It’s been a wet year in parts of Texas including here in North Texas. Our area has had the wettest September and October ever recorded with 28.35 inches of rain. Excessive rain can cause problems for wastewater systems, and as seen recently in Austin, too much rain can also impact drinking water treatment processes. Many in our region may be wondering, “could the recent issues at Austin Water happen with the NTMWD system?”
The short answer is “not likely.” To explain why, here is an overview of what happened to our neighbors in South Texas.
Austin Water – What Happened
Austin has a single source of water for its supply – the Colorado River. Austin Water has three water treatment plants that pump surface water from the Lower Colorado River as it flows into Lake Travis and Lake Austin. Historic flooding on both the Colorado River and one of it tributaries, the Llano River, filled Austin’s reservoirs to maximum levels. The torrential flooding also brought with it silt, mud and debris that ended up in both lakes which not only slowed down the three water treatment plants, it affected operational capabilities. With their entire water treatment system overwhelmed, it was vital to continue to maintain enough pressure in the system to fight fires and prevent additional contamination issues. In order to do that, an urgent call to reduce water usage was issued, and operators had to send out water even though it might still contain harmful bacteria or other contaminants. Austin Water initially issued a boil water notice as a precautionary measure which then became mandatory as required by Texas Commission on Environmental Quality. The boil water notice remained in place for almost a full week.
Why North Texas is Different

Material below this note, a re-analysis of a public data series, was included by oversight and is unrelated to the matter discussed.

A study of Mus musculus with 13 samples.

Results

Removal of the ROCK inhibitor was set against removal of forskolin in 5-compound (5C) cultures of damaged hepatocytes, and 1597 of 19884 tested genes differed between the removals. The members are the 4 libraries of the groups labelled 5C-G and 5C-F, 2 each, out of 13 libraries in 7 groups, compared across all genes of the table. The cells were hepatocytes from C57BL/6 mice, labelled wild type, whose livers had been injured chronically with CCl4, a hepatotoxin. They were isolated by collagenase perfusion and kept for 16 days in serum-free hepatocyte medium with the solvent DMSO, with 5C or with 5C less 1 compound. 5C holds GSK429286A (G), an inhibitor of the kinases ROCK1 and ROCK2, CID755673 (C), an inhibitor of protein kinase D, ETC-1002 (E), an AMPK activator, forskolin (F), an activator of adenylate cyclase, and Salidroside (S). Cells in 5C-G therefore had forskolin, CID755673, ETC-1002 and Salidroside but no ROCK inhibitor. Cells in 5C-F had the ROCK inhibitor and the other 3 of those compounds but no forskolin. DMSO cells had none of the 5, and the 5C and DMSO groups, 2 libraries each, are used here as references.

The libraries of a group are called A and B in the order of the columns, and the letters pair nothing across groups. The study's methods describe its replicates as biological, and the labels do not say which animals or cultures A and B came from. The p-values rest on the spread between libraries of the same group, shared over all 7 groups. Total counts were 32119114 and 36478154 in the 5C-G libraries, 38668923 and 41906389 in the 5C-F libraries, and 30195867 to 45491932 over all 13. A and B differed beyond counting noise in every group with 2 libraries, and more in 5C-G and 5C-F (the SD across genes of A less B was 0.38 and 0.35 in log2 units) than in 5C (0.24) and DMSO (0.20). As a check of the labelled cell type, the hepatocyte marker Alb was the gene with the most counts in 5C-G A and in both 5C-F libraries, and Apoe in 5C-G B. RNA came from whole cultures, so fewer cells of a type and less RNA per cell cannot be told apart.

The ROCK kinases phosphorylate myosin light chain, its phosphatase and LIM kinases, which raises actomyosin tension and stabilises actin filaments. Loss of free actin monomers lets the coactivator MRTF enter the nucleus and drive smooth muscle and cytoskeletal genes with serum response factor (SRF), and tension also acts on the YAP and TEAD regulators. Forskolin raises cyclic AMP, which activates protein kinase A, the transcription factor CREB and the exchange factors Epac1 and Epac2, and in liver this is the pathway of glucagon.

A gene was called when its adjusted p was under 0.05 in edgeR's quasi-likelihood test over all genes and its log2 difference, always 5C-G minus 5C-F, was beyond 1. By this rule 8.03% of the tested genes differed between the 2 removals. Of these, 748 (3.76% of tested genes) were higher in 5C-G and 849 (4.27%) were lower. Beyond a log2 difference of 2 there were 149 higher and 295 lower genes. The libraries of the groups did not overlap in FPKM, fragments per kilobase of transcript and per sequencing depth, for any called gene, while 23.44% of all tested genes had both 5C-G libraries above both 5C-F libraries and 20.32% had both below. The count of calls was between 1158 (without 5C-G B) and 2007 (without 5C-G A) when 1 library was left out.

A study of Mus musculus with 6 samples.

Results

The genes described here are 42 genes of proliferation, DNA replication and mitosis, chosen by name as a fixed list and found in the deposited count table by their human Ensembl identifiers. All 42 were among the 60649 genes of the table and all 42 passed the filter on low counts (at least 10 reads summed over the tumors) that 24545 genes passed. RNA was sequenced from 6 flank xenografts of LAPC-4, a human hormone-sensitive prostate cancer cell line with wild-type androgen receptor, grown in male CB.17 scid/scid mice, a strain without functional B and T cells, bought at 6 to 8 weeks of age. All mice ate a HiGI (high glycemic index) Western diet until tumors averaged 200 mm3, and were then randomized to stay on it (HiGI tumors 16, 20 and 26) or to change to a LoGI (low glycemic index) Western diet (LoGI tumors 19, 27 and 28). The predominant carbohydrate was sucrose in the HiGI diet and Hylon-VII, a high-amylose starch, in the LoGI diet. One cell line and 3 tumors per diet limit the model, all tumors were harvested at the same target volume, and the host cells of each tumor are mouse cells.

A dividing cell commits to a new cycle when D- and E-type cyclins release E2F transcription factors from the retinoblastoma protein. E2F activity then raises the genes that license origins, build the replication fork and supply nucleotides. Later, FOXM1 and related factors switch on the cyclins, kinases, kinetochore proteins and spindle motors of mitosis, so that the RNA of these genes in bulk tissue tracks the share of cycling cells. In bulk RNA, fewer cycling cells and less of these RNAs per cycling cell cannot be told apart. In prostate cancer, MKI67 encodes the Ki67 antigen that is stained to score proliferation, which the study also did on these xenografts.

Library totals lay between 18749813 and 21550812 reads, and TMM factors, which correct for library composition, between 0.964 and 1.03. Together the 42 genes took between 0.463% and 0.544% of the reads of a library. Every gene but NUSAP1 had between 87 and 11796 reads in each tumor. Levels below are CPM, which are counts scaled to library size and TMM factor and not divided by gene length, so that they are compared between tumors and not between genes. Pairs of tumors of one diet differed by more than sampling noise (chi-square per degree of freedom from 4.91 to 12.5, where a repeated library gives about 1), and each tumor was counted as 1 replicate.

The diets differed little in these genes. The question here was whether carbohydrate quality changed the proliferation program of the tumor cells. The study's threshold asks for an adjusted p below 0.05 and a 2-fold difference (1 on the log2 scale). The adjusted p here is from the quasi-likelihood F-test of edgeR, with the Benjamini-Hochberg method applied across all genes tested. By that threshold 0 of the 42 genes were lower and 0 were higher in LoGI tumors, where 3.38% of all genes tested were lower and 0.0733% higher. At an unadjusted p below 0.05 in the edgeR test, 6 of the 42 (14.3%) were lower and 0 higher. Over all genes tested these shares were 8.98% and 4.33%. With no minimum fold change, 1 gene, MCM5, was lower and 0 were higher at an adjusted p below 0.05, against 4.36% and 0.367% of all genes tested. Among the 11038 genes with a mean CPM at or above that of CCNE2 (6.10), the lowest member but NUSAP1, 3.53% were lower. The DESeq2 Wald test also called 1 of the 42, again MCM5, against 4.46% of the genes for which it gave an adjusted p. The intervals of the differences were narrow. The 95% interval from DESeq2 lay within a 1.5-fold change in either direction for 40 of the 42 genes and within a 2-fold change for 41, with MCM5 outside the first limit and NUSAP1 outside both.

All water treatment plants build their operational treatment processes around the type of raw water supply – ground or surface – plus the geologic makeup of the reservoirs they pull from. While Austin’s water is mostly surface water, its lakes have more of a rocky terrain at the bottom which means Austin Water bases its treatment processes on lower levels of silt and mud normally present in its source. The lakes in North Texas have more of a clay or sandy bottom, and our treatment plants are designed to treat for this higher turbidity (aka, sediment). Additionally, the three water intake structures on Lavon Lake are located in the deeper part of the lake near the dam to draw water that has less sediment. Water flowing from northern tributaries into Lavon Lake takes about a year to travel to these intake points for the Wylie Water Treatment facilities. This allows time for sediment and particles from runoff flowing into the lake to settle to the bottom and prevent a substantial amount from even entering our treatment plant.
While these differences make it unlikely for North Texas to face a boil water notice due to excessive rains, it it still important to remember that protecting our water supply at its source is key. The unfortunate situation in Austin also highlights the importance of having a diverse water supply system and treatment facilities. The addition of Bois d’Arc Lake and Leonard Water Treatment plant will further increase our system diversity and help support the reliability of our water supply for our growing region.